From goose-down pillows to celestial nightlights to chalkboard armoires, Pottery Barn Kids is "IT" for pint-size furnishings.
Remember the days when Barbie sheets and Tonka truck curtains were as fancy as kids' decor got? A time when unicorns, super-heroes and cartoon characters ruled your child's walls, windows and floors? Well, times are a-changing. Nowadays, Susie's room can be adorned with pastel star-quilted bedding atop her very own rosette bed. Meanwhile, on the other side of the hallway, Johnny can play with his golf game + rug combo after finishing homework at his Catalina desk. In other words, San Francisco-based Pottery Barn Kids is changing the way parents decorate their kids' rooms by "offering a collection of children's furnishings and accessories that are well-designed, stylish, casual and affordable," says Patrick Wynhoff, vice president and general merchandise manager for Pottery Barn Kids.
Developed and determined to fill a niche in this industry, Pottery Barn Kids mailed its first catalog in January 1999. In 2000, the eclectic, whimsical collection that once decorated the pages of a catalog came to life within the walls of eight stores in seven states:, Georgia, Colorado, Indiana, Illinois, Pennsylvania and Florida.
When asked about the possibility of franchising, Wynhoff says, "It is not a business strategy of Williams-Sonoma (Pottery Barn Kid's parent company). We closely manage our own brands." With consumers jumping on the kid-furnishings bandwagon, there's no surprise the company plans to open 20 stores in 2001. Furthermore, with only a small number of retailers competing for the children's furnishings dollar, such as Rooms To Go Kids and ea kids (Ethan Allen kids), Pottery Barn Kids is on the forefront of this new trend.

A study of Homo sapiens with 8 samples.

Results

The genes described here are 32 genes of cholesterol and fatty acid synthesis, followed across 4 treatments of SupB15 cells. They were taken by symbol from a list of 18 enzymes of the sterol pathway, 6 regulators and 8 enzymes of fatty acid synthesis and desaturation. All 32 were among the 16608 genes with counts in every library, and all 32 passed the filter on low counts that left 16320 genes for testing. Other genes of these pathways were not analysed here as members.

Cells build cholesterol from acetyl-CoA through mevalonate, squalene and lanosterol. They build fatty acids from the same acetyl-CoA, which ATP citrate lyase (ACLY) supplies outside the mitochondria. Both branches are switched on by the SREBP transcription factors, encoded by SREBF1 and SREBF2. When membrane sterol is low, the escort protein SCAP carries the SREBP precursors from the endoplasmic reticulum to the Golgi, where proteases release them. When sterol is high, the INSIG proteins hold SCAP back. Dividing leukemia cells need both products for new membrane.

Usually found tucked inside regional malls or lifestyle centers, the company "targets sites in the 5,000- to 8,000-sq.-ft. range with a strong presence of children's product destinations," says Wynhoff. Co-tenants may include abercrombie, Gap Kids or Stride Rite.
"Each Pottery Barn Kids is set up in a lifestyle format," explains Wynhoff. "Every store is light, happy and spirited." Taking cues from the elder Pottery Barn, the kids' store also includes aStudio complete with rug-, window- and even quilt-flippers.
In response to the store and product set-up, Wynhoff believes the retailer's customers are spending more time leisurely shopping in the store. While parents stroll about admiring lights, bedding, hardware, window textiles, etc., their kids are likely to be playing on large toys or playroom furniture. The merchant has even included bathrooms with changing stations in hopes of adding Pottery Barn Kids to their target audience's list of comfortable destinations for them and their children.